The future of the NHS Loto has been thrown into doubt by the decision of a London local authority to withdraw its lottery registration. The de-registration follows a High Court judge’s dismissal of the NHS Loto’s claim to be a collection of 100 local lotteries as a “paperwork facade”.
The charity lottery has been forced to suspend its weekly paid-for competition while it restructures its network of 100 “branches” to bring it within the scope of the law.
The news could dent the hopes of NHS Loto operator Pascal & Company for a major UK relaunch with a 20m marketing budget. Pascal is seeking funding from a Malaysian company, Sin Heng Chan, which is executing a rights issue to fund its break into the UK lottery market.
National Hospital Trust, the charity for which NHS Loto raises funds, says it is planning to reinstate the paid-for draw “within weeks”. It is restructuring its operations, and may use up to ten branches registered in other local areas.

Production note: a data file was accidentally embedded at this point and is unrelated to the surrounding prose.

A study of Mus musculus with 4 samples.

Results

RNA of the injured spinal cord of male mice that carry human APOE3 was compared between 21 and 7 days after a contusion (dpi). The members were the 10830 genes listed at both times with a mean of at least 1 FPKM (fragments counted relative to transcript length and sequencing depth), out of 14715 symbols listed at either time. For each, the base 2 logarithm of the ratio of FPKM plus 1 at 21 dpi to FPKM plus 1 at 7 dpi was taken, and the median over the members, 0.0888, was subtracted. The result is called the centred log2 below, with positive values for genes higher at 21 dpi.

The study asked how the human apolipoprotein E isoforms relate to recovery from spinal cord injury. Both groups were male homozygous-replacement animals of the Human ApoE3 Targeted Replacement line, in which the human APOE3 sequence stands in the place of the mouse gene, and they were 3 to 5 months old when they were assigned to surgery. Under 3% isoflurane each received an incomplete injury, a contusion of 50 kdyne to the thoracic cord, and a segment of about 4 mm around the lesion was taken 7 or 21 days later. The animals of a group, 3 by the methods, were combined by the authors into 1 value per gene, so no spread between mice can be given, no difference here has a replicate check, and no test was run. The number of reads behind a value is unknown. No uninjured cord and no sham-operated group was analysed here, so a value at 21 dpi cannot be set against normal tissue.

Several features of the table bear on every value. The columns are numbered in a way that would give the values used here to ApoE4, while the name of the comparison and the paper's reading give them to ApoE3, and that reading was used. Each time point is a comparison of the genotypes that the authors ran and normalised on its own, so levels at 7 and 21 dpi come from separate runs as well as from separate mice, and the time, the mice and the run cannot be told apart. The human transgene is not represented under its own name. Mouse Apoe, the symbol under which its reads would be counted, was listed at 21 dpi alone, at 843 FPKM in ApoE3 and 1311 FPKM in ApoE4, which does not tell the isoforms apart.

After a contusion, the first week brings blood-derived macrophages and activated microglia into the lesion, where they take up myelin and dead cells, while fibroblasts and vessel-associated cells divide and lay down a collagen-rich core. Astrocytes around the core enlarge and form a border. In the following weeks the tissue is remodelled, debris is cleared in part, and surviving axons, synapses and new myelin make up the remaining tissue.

NHS Loto had been registered by the Royal Borough of Kensington & Chelsea since 1988. But the local authority suspended its registration in March on the grounds that it was a single national lottery, rather than a collection of 100 separate lotteries as claimed by Pascal & Company. The council also argued that NHS Loto should fall under the control of the Government-funded Gaming Board which has greater powers of financial scrutiny than a local authority.
An appeal by Pascal & Company led to a High Court hearing last month. But it was rejected and the registration formally lapsed on August 1. A paid-for lottery is deemed to be operating illegally if it is not registered by either a local authority or the Gaming Board.